Student or Learner
Supposed we have put a tablespoon of ethanol into a bowl of water, now we want to raise the ethanol level by a factor of 80, how many tablespoon of ethanol we have to put into the bowl?
Context:
"We don't know all the answers," Clarke acknowledged. "It's possible there is a trivial explanation, but I don't think that's the case. We know that if we increase the ethanol concentration, they do not live longer. This extremely low level is the maximum that is beneficial for them."
The scientists found that when they raised the ethanol level by a factor of 80, it did not increase the life span of the worms.
Good.
Thanks
The way you've expressed you opinion, I can't tell whether your disagreeing with me. Who is raising the amount?
To "raise ethanol level by a factor of 80" would almost certainly mean "to raise the ethanol concentration by a factor of 80", not just the amount. The amount of ethanol used in an experiment is irrelevant if you don't keep a note of total amount of the solution into which you put it.
To be more specific than I was in my last post, you cannot just add 79 more spoonfuls of ethanol, because that would raise the ethanol concentration by slightly less than a factor of 80 (because the total amount of the solution also rises). The exact amount would depend on the relative amount of water (or solute) and ethanol. If the total solution was large, say a swimming pool size, then 79 more spoonfuls would be close enough for most purposes in achieving an 80-fold increase in concentration.
To give an example. If you put 1 litre of ethanol in 9 litres of water, you have an ethanol concentration (by volume) of 1/10 = 10%.
You might think that adding another 1 litre of ethanol would raise the concentration to 20%, but it doesn't. It gives you 2 litres ethanol and 9 litres of water, which is an ethanol concentration of (2/11) = 18.18%. To keep a 20% concentration, you must add more than another full litre of ethanol. (Exercise for the reader).
[I think my maths is right this time]
In the original 1 tablespoon example, even at a generous 80 tablespoons (5 cups) per bowl, that's 1/81 or 1.23%. To make it an 80*1.23%, or 98.8% solution, you'd have to add 6399 tablespoons (1 original + 6399 = 6400, add in the water of 80, 6400/6480 = 98.8%).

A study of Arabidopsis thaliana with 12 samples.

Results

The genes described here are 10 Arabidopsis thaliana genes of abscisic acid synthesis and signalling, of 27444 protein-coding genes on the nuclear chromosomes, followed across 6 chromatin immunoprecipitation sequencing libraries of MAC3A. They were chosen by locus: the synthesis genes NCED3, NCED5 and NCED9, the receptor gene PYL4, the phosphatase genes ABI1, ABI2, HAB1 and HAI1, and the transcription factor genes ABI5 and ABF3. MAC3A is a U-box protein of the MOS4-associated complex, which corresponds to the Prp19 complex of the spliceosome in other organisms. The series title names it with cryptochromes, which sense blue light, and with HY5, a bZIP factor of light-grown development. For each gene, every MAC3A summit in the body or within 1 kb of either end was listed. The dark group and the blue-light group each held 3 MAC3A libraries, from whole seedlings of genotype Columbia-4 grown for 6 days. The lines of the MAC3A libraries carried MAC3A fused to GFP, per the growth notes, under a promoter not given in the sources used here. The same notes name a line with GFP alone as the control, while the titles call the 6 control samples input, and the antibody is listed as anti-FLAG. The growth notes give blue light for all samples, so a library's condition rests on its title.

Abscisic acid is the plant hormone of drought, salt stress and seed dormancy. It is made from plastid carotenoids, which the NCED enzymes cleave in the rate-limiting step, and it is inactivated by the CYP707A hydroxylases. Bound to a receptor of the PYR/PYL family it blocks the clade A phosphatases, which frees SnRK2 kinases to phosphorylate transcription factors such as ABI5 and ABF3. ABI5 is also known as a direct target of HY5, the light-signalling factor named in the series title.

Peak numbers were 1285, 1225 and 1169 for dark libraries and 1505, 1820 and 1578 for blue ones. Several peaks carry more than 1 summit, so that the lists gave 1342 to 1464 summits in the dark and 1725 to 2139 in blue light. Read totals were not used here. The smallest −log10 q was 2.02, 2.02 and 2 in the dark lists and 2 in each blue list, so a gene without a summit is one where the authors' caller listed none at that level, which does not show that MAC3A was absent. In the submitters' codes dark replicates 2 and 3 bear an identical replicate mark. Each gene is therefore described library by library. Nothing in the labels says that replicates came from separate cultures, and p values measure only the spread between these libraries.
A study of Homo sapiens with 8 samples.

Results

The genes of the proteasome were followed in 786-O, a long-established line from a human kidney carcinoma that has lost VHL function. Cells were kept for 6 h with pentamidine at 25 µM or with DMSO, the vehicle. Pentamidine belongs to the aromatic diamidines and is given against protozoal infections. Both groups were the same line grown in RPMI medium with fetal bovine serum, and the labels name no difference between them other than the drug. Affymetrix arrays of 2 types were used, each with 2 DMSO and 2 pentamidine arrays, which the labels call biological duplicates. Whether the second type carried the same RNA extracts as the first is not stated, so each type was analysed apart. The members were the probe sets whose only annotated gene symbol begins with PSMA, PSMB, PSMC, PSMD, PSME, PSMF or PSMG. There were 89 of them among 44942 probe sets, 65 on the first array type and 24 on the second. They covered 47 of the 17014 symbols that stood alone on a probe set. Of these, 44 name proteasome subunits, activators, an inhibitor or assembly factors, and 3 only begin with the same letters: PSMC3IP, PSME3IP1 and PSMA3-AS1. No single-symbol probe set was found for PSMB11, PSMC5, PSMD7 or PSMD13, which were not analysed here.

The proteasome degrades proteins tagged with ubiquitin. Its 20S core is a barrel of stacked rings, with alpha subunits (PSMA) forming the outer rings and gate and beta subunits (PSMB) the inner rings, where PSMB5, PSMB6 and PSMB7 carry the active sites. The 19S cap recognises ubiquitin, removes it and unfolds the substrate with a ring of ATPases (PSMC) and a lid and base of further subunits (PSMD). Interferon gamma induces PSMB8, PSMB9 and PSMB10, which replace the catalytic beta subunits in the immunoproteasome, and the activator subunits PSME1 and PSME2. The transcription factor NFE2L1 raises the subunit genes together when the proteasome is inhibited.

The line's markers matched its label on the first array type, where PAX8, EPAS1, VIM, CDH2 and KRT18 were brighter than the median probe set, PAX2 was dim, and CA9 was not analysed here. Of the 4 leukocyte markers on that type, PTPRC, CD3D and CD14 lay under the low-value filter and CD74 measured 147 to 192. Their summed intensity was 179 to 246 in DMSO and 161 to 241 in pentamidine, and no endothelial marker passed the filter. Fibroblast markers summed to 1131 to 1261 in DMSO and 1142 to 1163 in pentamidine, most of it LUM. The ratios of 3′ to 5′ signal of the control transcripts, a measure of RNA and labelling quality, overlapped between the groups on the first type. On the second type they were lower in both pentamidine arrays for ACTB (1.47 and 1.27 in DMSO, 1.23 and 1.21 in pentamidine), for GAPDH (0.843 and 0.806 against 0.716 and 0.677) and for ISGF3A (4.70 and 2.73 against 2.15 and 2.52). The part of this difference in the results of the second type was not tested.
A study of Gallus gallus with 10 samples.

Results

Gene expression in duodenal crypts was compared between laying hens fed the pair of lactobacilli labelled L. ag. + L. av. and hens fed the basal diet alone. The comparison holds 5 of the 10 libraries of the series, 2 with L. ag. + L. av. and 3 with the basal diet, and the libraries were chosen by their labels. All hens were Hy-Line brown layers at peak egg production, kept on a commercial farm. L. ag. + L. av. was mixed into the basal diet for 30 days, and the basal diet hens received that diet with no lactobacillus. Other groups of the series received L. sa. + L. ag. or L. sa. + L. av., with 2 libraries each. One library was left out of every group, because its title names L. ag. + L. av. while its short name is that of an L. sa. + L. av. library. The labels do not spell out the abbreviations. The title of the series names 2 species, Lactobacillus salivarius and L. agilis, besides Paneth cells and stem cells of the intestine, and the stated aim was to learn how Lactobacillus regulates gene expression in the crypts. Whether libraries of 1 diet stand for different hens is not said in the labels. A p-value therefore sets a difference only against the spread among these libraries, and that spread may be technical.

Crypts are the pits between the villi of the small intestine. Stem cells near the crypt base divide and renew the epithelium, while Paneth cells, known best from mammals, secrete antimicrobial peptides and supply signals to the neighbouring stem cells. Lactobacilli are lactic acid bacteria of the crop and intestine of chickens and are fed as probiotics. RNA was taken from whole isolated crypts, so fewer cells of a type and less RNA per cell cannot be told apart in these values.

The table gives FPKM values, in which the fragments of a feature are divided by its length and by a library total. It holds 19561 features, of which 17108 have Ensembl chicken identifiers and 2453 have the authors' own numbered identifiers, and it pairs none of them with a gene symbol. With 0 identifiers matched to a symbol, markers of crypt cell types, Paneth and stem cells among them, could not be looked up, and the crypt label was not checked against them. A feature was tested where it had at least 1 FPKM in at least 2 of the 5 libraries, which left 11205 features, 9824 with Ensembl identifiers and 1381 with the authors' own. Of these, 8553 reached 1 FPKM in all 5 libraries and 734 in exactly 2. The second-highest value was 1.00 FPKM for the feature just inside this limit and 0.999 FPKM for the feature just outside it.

In the 10% solution example, you'd have to add 35 liters (clearly not 79). (1 original + 35 = 36, add in the water of 9, 36/45 = 80%).edit: oops, don't know what I was thinking here.. I raised it 8 times, not 80.
So, for the original question I think the correct answer is either 6399, or not knowable without knowing how big the bowl* is. And I'm not being facetious here; raising the ethanol level by a factor of 80 is huge, especially when talking about biology.
*And of course, the bowl has to be greater than 79 units, because at 79, the initial concentration would be 1.25%, and 80 times 1.25% is 100% and you can't achieve 100% with the stated additive method.
Last edited by BobSmith; 27-Jan-2012 at 16:22.
Your figures could be right. But in the 10% solution example I gave, the aim wasn't to raise it to 80%, nor was the solution 79 litres.
What about the real 10% solution example I gave. Is that correct? The answer is not 35 litres.
What do you think of my statement that "If the total solution was large, say a swimming pool size, then 79 more spoonfuls would be close enough for most purposes in achieving an 80-fold increase in concentration"? That is, I was making the point that the "bowl" had to be sufficiently large. Isn't increasing the amount of something from 1 part ethanol per billion parts water to 80 parts per billion an increase in the concentration by a factor of 80?
I don't know how many spoonfuls a swimming pool holds, (in Aus. we don't use either spoonfuls or bowlfuls in the lab) but the principle remains that if you have a large enough solution to start with and you add one small unit of a substance, you can increase the concentration of that substance by a factor of 80 by adding roughly 79 more small units - given that the original volume is huge compared to the units you are adding.
I'll give another example, and you can tell me if this is wrong. If you have a 1000 litre tank of water, and you put 1ml (millilitre) of ethanol it in, you have 1 part ethanol to a million part of water, and and ethanol concentration 0.99999... * 10^-6% by volume. If you add 79 extra mls of ethanol, you have 80 mls ethanol in a total solution of 1,000,080 mls = 7.9994 * 10-^5%.This is a 79.994/0.99999... fold increase (slightly less than 80, hence my statement that you need to add slightly more than 79 spoonfuls).
I could be confused. Is this right?
Please excuse me while my head explodes.